Bar Book Club for November

Time once again to report on the doings of our monthly (or so) book club that meets in a local microbrewery. Beer of choice: no single one dominated, but I had Existential Porter, a very dark beer that I often choose, though several of the other guys find it too sweet.

Our book: Coyotes: A Journey Across Borders With America's Illegal Migrants. It was a fascinating book, a nonfiction account that was originally published in 1987 and recently reissued with a new forward. I've made no secret of the fact that I consider the arguments of Coloradan politician Tom Tancredo to be pure racism--his rhetoric and that of others of his ilk is all about playing on racist fears, some of it conscious but given the number of people supporting such extreme views, I have to believe a lot of it is subconscious. And that's when it's most dangerous, when we don't think we're being racist but there's an unacknowledged foundation that these ideas build on.

I'm not saying that all who advocate for immigration reform are racist, but at least the rhetoric being used should give us pause before suggesting what to do.

We had some good discussions on the book. Some of it's dated--today there are many more undocumented workers who aren't involved in agriculture at all, and there are many more women who come across as well. But the underlying images, the stories of these workers and their families back home are powerful, even twenty years later. Even with the time that has passed, we ended up agreeing that the book makes it pretty clear a fence on the border is pure silliness. And we also agreed that the public debate too often offers only very limited and opposite positions, where what seems needed is either in between or some sort of third option that's neither end.

Here's a quote from the afterword:
Like most previous waves of immigration, Mexican immigration leaves some citizens worried that there are becoming too many of "them," and not enough of "us," that we as a nation may drown in the tide of foreignness. But if there is any truism about immigration to America, it is that "they" soon become "us"... This is as true today as it was in the early 1920s, or during the previous century.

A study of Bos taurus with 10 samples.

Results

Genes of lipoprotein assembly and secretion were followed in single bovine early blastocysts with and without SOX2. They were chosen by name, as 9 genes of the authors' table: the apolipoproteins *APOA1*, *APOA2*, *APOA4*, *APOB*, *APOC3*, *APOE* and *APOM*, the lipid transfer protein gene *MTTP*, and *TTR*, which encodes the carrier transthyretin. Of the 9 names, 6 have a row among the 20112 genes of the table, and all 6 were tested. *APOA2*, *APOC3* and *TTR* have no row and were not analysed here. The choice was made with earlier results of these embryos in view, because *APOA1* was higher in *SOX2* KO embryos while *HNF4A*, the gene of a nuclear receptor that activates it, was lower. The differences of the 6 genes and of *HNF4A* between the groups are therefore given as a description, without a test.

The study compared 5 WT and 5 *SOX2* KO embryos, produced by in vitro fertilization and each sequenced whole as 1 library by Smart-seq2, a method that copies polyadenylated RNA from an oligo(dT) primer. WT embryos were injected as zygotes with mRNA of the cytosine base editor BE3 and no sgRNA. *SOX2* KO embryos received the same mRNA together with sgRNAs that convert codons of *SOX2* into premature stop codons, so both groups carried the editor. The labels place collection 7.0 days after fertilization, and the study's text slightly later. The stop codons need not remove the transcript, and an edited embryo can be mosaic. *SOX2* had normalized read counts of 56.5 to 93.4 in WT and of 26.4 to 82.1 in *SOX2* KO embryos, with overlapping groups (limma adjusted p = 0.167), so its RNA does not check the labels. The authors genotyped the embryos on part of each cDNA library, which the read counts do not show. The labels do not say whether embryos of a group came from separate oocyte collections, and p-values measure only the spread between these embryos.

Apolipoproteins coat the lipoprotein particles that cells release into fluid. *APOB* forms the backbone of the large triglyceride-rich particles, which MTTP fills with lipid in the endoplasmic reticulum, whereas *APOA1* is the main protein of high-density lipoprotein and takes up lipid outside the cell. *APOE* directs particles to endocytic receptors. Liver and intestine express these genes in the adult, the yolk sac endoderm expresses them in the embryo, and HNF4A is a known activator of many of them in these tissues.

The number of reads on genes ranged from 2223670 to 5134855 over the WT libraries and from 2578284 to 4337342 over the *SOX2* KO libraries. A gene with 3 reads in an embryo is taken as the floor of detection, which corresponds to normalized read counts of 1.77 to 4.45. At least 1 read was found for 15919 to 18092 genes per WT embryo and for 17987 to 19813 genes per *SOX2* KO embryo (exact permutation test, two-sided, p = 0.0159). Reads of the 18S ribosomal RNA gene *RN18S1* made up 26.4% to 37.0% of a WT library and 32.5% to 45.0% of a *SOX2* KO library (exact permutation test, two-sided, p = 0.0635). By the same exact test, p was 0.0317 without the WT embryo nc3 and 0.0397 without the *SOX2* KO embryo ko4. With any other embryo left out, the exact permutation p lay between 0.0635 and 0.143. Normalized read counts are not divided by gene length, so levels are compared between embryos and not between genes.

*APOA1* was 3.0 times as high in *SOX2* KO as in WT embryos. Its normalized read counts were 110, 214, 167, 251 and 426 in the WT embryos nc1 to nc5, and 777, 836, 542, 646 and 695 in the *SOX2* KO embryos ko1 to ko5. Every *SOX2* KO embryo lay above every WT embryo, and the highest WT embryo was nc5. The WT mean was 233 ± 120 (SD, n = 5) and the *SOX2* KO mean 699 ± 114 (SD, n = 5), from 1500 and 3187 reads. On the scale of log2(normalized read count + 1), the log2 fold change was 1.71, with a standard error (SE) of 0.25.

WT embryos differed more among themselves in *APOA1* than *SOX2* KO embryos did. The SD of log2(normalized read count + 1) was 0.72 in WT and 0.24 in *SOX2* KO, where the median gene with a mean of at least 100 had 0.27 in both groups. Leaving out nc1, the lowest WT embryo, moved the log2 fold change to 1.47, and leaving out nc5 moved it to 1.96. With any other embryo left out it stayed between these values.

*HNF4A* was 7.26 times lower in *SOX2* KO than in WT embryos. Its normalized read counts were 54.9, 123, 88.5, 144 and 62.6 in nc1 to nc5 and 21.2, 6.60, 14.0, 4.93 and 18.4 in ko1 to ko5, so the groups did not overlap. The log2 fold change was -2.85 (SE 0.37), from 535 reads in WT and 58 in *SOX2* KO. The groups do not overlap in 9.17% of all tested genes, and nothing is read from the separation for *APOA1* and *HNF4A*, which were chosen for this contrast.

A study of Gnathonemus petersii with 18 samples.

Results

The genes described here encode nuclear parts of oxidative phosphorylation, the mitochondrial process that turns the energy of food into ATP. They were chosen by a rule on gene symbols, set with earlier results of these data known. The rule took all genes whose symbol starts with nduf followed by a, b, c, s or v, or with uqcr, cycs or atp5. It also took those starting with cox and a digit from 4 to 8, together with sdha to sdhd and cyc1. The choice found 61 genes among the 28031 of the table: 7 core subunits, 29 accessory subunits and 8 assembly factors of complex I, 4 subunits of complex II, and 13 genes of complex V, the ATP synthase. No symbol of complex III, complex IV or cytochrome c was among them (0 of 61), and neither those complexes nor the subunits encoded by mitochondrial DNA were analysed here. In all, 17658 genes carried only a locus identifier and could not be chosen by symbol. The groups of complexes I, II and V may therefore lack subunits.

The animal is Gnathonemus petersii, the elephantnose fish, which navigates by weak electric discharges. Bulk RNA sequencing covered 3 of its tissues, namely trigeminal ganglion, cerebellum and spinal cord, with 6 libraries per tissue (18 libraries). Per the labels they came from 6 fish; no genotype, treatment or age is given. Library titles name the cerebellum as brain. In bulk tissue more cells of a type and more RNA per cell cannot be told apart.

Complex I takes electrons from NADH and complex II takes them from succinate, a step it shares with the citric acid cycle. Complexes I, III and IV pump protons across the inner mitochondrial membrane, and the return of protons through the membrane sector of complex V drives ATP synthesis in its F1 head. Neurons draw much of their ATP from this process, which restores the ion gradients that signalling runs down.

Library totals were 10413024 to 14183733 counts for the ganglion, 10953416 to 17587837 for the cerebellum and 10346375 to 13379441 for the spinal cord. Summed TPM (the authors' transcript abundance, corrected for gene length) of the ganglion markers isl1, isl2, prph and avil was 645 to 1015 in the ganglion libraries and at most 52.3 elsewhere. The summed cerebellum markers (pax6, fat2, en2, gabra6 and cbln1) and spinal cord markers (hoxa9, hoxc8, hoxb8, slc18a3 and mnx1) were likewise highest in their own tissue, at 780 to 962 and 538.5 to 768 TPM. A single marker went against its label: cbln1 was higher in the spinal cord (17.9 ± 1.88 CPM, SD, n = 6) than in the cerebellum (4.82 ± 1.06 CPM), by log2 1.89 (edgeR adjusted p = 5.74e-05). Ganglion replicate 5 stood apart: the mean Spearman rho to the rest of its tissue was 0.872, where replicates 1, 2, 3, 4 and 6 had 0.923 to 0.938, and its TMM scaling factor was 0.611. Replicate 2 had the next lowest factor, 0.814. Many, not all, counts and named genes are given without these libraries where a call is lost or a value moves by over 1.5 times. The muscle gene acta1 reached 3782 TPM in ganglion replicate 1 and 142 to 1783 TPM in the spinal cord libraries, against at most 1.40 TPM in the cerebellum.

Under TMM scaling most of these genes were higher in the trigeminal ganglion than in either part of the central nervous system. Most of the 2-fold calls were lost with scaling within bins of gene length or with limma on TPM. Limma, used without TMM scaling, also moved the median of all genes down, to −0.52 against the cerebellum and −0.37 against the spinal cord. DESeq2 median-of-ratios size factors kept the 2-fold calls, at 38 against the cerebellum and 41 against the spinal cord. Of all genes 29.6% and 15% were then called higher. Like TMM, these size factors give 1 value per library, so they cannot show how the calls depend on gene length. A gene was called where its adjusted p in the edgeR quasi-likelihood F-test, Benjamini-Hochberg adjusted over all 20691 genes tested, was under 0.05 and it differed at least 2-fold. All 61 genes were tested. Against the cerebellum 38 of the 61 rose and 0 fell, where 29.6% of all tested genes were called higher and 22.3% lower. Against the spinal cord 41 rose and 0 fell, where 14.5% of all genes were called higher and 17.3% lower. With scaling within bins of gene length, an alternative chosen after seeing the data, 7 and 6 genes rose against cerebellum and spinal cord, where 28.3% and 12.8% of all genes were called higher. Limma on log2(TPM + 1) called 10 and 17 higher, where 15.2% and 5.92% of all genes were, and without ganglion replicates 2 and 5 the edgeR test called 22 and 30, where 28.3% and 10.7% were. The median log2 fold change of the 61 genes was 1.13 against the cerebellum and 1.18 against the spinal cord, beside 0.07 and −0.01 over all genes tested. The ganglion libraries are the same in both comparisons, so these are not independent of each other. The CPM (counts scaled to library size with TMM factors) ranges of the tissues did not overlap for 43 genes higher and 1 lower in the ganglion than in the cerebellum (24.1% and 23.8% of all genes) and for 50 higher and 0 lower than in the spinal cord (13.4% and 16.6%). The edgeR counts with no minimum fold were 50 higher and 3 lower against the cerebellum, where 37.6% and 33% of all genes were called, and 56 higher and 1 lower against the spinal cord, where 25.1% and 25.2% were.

That matches my experience as a grandchild (and son-in-law) of immigrants from the Netherlands, of growing up in an agricultural community that attracted many migrants (and working side-by-side with them in the onion fields and Christmas tree fields), and in studying the issue in college and getting to know those in the Hispanic community around there.

So anyway, enough of a lecture. Our next book is a John Irving book, The Water Method Man. Probably not until mid-January.


Lauren Michelle said…
One of the complaints I often hear levied against Colorado (even big cities like Denver) is that there's a local tendency toward racism. Never been there myself, so I don't know how true it is.

Even the good arguments against turning a blind eye to illegal immigration fail to acknowledge one truth: our retail-markup economy is dependent on illegals who work for below minimum wage. It's likely we'd all be spending $25 on t-shirts if all sewing machine operators made a federally-regulated income. If anything that means we need to work harder to document everyone so that they can all make a living wage (and keep prices down by eliminating the retail system)... but I wonder how the "they're taking our jobs!" faction would react to that hike once everyone's deported.
Daniel Ausema said…
I don't know that Colorado is any more racist than any other region--as everywhere, it has its residents who are. Where we live is fairly progressive-minded, so I haven't noticed much of that mindset...but then I've lived here only 2 1/2 years and am a stay-at-home dad, so that limits how broad a spectrum of people I spend any significant time with. Colorado, like much of the West, has a relatively strong libertarian streak, so I could see that jumping out at someone from the East Coast.

Certainly if anything were actually successful in cutting out all or most illegal immigration, we'd see correspondingly higher prices on many things, from agriculture to landscaping and roofing to retail products. And likely some people looking for work would find jobs...but so many of the jobs are those that even if the wages were significantly higher, I'm unconvinced that the jobs would all end up filled by native-born unemployed.

It's certainly a complex issue, and I don't want to sound like I have the answer or that there even is a simple one. But I'm confident that the secure-the-border-at-all-costs crowd are overlooking the realities of the situation.